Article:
3 regrets the Angels should already have about the 2023-24 offseason

Dec 14, 2023; Los Angeles, CA, USA;  Los Angeles Dodgers player Shohei Ohtani is introduced at a
Dec 14, 2023; Los Angeles, CA, USA; Los Angeles Dodgers player Shohei Ohtani is introduced at a / Kirby Lee-USA TODAY Sports

So far this offseason the Angels have watched Shohei Ohtani join their crosstown rivals and have done just about nothing in response. They've made some bargain bin moves, but nothing that should move anyone. With that in mind, the poor start to this offseason has given three things that this Angels front office should already regret.

1) The LA Angels handled the Shohei Ohtani situation the worst way imaginable

You knew this would be here. The Angels should regret every single thing that transpired when it comes to the Shohei Ohtani situation.

The Angels made the choice three separate times to not trade Ohtani away and enter a rebuild. They could've set themselves up beautifully by biting the bullet and shipping Ohtani away in exchange for a slew of valuable assets. Arte Moreno just couldn't let go.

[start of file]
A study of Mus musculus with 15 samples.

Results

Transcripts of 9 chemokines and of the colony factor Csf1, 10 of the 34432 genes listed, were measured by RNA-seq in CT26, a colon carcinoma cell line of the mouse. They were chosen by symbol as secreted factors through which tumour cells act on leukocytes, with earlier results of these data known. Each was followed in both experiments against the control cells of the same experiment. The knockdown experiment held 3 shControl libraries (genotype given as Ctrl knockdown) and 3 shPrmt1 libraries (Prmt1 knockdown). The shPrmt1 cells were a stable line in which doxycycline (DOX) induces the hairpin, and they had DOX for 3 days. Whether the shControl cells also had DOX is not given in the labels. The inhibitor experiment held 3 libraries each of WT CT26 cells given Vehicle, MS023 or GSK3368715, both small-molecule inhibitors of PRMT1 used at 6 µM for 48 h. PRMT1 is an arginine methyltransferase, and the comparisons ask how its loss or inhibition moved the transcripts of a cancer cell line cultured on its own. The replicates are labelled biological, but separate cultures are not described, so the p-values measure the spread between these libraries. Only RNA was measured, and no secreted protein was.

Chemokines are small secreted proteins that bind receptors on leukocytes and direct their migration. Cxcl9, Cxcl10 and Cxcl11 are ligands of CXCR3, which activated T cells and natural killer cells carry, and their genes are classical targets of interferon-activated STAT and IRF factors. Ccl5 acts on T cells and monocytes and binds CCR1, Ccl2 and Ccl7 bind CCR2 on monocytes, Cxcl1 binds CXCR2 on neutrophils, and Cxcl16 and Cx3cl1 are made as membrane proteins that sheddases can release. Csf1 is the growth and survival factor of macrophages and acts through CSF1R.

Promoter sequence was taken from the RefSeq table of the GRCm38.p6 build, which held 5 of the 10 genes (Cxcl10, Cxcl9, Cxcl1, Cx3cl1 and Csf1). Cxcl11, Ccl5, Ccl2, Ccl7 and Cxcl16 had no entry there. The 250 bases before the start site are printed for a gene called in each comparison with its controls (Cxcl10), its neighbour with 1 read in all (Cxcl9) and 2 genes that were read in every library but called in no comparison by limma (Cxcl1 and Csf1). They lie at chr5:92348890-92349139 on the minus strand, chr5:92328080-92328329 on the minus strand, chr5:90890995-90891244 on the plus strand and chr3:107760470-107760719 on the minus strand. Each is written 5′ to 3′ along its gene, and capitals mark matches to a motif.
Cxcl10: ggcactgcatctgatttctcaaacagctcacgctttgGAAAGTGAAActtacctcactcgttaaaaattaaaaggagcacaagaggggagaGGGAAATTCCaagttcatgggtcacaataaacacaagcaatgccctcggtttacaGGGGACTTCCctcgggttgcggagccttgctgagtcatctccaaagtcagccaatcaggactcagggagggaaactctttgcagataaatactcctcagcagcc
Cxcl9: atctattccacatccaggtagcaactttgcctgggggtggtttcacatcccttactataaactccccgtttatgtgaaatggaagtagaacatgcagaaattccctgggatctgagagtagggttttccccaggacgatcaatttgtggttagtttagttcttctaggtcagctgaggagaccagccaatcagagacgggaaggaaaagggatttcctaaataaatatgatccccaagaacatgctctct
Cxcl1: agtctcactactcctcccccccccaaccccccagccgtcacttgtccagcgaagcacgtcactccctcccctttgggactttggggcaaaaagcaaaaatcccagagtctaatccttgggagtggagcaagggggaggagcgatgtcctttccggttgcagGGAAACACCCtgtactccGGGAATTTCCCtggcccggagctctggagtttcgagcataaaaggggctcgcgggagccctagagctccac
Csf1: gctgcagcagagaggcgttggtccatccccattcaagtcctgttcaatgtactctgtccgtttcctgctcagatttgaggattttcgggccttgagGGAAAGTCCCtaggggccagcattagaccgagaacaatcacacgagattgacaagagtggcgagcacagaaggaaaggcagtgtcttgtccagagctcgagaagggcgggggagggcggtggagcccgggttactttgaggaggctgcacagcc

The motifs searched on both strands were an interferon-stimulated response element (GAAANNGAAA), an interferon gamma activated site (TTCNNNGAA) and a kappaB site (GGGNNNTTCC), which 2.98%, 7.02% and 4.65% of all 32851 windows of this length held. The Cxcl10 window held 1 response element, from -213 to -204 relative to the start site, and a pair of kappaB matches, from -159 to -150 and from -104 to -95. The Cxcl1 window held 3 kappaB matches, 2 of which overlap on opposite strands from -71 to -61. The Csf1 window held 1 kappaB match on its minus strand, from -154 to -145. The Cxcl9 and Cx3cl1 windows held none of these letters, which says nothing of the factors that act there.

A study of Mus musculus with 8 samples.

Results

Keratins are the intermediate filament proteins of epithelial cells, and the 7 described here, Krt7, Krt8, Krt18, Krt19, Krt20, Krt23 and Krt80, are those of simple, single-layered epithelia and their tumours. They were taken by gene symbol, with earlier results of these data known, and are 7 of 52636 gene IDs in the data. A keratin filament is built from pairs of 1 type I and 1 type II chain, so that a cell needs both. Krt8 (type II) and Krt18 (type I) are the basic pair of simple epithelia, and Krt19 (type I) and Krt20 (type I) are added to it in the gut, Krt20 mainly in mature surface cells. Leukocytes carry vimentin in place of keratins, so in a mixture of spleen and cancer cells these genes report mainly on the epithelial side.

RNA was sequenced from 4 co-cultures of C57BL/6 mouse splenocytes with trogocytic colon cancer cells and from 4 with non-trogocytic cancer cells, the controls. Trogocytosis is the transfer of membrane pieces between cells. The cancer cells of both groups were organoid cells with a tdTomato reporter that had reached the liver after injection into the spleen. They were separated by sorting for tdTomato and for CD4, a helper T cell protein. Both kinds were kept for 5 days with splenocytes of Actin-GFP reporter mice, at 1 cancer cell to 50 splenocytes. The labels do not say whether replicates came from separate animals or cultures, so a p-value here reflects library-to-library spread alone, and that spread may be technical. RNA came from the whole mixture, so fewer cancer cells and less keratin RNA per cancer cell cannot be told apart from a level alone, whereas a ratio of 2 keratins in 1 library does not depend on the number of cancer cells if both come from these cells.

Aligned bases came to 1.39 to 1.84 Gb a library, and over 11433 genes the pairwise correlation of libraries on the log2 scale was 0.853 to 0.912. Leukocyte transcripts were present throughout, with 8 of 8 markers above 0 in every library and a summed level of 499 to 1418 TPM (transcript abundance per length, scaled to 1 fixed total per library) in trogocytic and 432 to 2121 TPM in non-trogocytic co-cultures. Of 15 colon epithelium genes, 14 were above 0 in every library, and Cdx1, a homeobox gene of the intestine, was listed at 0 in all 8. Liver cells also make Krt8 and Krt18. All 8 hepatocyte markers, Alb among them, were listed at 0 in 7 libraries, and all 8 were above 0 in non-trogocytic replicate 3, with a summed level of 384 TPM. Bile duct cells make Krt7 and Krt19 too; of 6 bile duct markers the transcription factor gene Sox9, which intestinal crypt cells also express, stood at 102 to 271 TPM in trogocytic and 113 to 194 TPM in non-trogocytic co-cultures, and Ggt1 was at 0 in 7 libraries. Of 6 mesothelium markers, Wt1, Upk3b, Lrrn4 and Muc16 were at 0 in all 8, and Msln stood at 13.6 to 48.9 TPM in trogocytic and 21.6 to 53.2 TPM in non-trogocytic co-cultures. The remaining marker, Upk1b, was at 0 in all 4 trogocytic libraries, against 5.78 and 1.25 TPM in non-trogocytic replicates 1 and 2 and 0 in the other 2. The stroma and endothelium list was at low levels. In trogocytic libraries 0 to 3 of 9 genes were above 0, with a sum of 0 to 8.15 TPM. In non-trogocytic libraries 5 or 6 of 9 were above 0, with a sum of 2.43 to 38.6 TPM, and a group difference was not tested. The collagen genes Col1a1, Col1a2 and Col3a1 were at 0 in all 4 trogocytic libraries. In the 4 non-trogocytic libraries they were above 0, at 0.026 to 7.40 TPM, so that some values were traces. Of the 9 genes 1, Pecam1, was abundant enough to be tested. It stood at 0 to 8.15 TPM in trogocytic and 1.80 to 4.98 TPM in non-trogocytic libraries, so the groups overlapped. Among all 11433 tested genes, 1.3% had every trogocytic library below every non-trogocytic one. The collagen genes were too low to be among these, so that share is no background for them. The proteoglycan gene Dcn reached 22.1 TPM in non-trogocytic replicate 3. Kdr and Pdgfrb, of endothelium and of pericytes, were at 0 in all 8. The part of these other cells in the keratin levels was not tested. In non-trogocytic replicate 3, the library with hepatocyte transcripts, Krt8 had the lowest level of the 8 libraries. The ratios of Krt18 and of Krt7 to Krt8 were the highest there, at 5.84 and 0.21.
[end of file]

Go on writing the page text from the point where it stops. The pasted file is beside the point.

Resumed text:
Moreno not letting go of Shohei gave the impression that he'd at least go all in when it came to trying to keep him. If Arte was willing to go the extra mile to re-sign Shohei, then at least the decision to keep him would've been somewhat defensible. Sure, it'd stink, but that'd just be Ohtani choosing to go elsewhere as opposed to him leaving because of Moreno's unwillingness to spend.

The Angels refused to match the Dodgers offer. Moreno reportedly did not like the deferrals, and was not willing to hit the $700 million number. It's unclear whether Ohtani comes back to the Angels if Arte does match the offer. In fact, I'd guess he still departs for the Dodgers. Still, it would've at least made some sense.

The Angels refused to trade him and then refused to pay him fairly. By refusing to do what it took to keep him, the Angels threw any sort of argument of them making sense with this process out of the window. They should've traded him, that's abundantly clear. What's also clear is if he couldn't be traded, they at least should've done whatever they could to try and keep him here. The Angels did neither, and will regret it if they don't already.